Career stalling? Need a boost? It is all about technique

Misty Raney Bilodeau is one of the stars of Homestead Rescue, a very snackable Discovery Channel makeover show.

The twist for this version of the tried and trusted format is that the Raney family turn up at the homes of Americans who have moved off grid.  They have left the modern world and are living in the wilderness, trying, and failing to make a success of man versus nature.   The families fall victim to predators (bears, coyotes, wildcats); the weather (snow, tornadoes, desert conditions); and their own idiocy (building a home in front of a collapsing mountain, buying a property with no water, or with contaminated water, with no source of food or ending up having to travel 100s miles to earn money to sustain their supposed bucolic aspirations).

The Raney family, long term Alaskan Homesteaders, arrive to rescue them.  Marty, the patriarch, with his casual disregard for health and safety and love of a JCB digger and a nifty turn of phrase.  Matt, the son, eager to get the family trained in shooting at predators with rifles or bows.  And Misty, the epitome of strong femininity and resourcefulness.  She normally sorts out the food problems with an inventive approach to animal welfare and growing vegetables.

Without too much exaggeration, after you watch a couple of episodes, you will probably agree that Misty should be the next president.  She’s open, warm, inspirational, practical, resourceful, inventive, and empathetic.

However desperate the situation is, Misty will come up with a solution.  As she once said: “You can grow food anywhere, it is all about technique”.

She frequently repurposes apparent junk into greenhouses that can successfully grow food. In one episode she rebuilds a school bus into a fertile hothouse.

In another episode she adapts the fertisilation system for crops of acquaponics, using water from fish ponds to fertilise crops, to “duckquaponics”, to create a real breakthrough on a homestead with little water, lots of ducks and an arid garden. 

Misty empowers the food growers and care givers in the families she helps (who are predominantly women) by giving them techniques for growth.  To get Misty to help, you do however need to live on a Homestead.   For those of us that haven’t embraced that lifestyle there is another way to get tips and techniques for growth at work.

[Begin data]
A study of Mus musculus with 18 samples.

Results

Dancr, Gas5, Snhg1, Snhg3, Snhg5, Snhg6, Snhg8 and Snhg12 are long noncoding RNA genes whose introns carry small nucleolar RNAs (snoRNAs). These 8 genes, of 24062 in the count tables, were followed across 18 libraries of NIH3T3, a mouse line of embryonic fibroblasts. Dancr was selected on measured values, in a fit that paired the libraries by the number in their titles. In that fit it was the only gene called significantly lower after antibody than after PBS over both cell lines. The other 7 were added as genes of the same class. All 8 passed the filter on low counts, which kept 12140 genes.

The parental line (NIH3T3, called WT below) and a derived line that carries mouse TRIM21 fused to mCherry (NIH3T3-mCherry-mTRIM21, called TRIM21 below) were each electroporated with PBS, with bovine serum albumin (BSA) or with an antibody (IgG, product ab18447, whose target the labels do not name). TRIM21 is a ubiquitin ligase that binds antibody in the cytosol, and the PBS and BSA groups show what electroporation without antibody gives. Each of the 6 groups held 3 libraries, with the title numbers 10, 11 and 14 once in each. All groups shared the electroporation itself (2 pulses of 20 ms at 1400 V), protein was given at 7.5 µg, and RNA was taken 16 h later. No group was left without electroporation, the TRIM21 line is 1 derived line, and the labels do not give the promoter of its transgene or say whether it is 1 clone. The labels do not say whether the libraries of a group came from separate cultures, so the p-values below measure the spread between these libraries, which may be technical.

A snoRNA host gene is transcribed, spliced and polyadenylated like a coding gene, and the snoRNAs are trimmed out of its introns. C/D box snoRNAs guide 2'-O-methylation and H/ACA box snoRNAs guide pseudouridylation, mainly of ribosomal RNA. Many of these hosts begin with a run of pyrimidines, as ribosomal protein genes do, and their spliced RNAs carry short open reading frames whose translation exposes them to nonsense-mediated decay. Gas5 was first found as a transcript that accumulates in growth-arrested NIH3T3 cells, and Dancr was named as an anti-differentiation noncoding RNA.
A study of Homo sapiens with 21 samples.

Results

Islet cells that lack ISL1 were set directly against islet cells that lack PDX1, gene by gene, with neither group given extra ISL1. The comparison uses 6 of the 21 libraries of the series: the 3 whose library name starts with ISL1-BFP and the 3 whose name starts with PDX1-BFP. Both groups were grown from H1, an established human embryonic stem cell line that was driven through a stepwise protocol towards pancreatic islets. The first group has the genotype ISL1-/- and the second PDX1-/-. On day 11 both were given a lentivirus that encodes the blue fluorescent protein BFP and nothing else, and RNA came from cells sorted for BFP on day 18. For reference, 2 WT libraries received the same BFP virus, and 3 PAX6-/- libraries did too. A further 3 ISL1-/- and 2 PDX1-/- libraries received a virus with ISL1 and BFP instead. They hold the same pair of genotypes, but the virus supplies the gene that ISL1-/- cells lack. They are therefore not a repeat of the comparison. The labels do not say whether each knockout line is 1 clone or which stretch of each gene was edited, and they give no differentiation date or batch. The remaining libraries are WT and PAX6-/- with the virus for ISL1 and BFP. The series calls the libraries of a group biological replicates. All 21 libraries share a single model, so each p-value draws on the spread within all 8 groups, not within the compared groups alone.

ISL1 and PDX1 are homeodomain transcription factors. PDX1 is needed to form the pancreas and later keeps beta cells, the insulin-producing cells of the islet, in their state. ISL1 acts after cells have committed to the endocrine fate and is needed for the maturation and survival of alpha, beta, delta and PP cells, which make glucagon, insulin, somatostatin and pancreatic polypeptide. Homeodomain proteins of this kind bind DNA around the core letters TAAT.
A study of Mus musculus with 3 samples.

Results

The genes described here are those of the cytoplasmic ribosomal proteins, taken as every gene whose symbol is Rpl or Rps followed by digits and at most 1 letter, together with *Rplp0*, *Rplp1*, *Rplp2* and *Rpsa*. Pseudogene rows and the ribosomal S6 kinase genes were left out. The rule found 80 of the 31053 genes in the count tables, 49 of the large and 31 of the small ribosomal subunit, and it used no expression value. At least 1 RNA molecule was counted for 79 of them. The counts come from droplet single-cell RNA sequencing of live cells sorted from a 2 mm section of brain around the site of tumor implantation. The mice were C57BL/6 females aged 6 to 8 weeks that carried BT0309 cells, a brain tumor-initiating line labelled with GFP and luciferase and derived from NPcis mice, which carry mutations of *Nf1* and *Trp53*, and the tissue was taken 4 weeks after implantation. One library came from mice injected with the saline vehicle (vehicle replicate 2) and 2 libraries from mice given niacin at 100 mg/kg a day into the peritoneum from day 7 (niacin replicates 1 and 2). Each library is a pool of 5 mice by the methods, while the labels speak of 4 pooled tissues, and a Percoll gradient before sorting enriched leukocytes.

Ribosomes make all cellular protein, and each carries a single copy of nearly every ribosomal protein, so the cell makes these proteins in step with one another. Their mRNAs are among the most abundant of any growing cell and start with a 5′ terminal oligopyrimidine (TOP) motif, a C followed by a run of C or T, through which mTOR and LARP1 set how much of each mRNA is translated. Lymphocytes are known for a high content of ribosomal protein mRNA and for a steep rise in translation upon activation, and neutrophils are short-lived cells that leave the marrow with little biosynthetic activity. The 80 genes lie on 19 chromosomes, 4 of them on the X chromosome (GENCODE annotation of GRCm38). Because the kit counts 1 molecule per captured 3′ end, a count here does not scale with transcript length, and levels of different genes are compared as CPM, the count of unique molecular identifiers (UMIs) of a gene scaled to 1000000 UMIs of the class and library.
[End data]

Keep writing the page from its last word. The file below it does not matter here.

As March 2024 marks another International Women’s Day that has seen little progress in terms of lessening the gender disparity globally, we all need to make efforts to be inclusive and equitable. Understanding and sharing techniques, and pragmatic strategies for success at work are a crucial part of this.  The Glass Wall, success strategies for women at work and businesses that mean business is a best selling book that I wrote with Kathryn Jacob OBE, published in 2012.  It contains many solutions that will help grow women’s careers, just as Misty has techniques to grow gardens.

The book is designed to answer a range of frequent and common issues, issues that many of us have sleepless nights over, from: Do you worry that you’re getting less than your fair share at work?; to do you worry about what people think of you?; do you take the steps you should to progress your career?; Are you sometimes overlooked? Do you ever take things personally?; to do you have any difficult relationships at work? And do you know how to back down?

For one woman we interviewed for the book, the solution to feeling overlooked, lay in changing the language she was using for making suggestions: It is easy to mistake a rejection of your suggestion as a rejection of the idea. Of course it is. Frequently you may find that the rejection is a rejection of the format of the idea, not of the content of that idea. The format of any suggestion is as important as the idea itself. In this instance “Sara” bounced back from an outright rejection by using a football analogy. It is so simple, but it was just luck that she arrived at it. Before you take an idea to your boss, your client, or your team, think about the very simplest way that you can explain it. Find out what they’re passionate about – it might be sport, it might be art, it might be education. Use the language of their passion to explain your thinking.

Misty maintains that she can grow food anywhere under any conditions, we think that you can grow your career under most conditions, but sometimes you have to try new techniques and strategies to change the circumstances around you at work to grow your career.